Friday, March 07, 2014

Jim Crow was Law, yes, Law

Whenever civil rights legislation is discussed, especially any threat to the existing civil rights legislation, there are always people read to defend the legislation by stating that without it this country could return to the "days of Jim Crow" because people would not be restrained from bigotry. It is a very spurious argument.

Yes, some people are bigots and would gladly indulge in their bigotry without the current civil rights legislation, but that does not equal a return to the "days of Jim Crow" because the most salient feature of Jim Crow is that it was law. It was passed by the various city, county, and state governments and enforced by the police. Those who violated Jim Crow laws were subject to legal sanctions.

It is important to remember, laws are passed to either to prevent someone from doing what they are already doing, or to compel someone to do what they are not doing. That statement is without value judgment, it is fact. But that implies that there were people willingly not complying with any racist culture that gave rise to the passing of the Jim Crow laws.

Some will object at this point by pointing out that the fact that the laws passed is proof of the racist culture and that the people would not have served minorities anyway. Even if the majority of the culture was racist, that does not mean all were. Laws are passed to stop people from doing what they are doing, even if that means ignoring any racist culture surrounding those allegedly minority businesses that operated without regards to race.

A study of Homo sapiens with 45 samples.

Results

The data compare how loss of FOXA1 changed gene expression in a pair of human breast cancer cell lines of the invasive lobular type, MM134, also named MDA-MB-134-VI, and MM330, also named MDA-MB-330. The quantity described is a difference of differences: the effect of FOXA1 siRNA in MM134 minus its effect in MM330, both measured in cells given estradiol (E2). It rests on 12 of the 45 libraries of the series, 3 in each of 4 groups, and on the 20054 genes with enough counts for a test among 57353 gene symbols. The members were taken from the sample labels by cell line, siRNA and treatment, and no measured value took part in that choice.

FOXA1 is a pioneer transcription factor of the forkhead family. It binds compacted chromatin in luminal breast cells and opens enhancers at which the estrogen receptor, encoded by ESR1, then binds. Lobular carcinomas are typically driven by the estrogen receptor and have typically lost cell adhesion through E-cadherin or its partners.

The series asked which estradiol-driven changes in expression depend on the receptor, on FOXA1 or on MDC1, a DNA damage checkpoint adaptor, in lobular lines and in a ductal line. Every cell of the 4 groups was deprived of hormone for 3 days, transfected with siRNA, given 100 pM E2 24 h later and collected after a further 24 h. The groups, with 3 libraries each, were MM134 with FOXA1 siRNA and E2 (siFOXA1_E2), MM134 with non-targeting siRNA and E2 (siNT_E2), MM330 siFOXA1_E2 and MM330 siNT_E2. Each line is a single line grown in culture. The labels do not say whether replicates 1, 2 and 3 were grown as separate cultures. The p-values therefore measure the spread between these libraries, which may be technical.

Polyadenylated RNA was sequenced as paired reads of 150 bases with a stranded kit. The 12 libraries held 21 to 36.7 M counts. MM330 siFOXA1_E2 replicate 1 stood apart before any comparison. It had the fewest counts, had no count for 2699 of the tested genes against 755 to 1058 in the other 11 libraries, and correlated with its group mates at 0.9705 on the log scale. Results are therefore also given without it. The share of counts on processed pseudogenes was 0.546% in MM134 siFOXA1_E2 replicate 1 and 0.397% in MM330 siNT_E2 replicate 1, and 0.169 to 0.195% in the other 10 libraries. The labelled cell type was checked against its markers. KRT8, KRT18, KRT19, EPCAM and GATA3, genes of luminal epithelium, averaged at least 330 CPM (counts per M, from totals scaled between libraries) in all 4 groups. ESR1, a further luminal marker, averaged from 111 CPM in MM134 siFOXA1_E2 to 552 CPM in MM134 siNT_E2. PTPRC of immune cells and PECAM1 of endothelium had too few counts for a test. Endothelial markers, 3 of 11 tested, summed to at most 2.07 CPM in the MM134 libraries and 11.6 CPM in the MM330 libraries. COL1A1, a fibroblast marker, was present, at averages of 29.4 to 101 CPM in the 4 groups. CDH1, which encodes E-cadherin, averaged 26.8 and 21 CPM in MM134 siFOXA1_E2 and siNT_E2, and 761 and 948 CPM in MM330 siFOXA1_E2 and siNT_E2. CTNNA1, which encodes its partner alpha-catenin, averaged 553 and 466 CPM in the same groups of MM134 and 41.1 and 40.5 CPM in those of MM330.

Also, assuming the dominant culture is an example of the Democratic Fallacy, that the actions of a government in a representative voting system automatically represent the will of the people who vote. It happens many times that there is a severe disconnect between the electorate and the elected, with countless examples available.

Still, there are those who will never be satisfied with knowing that Jim Crow was law, and try to insist that it was culture until another law superseded it. If it was cultural, then there exist the problem of explaining away the Montgomery Bus Strike, in which a majority of the people were in favor of a peaceful resolution of the strike. The strike only went on as long as it did because the government found ways to fight against its own people, the people that it allegedly represents and follows the will of.

The problem with civil rights legislation is that it is most often the case of one law combating another law. It is a case of conflicting levels of government passing laws to combat what the other levels of government are mandating or forbidding. That makes a poor case for arguing the necessity of new legislation, when the real case is repealing the old legislation that is creating the problem in the first place.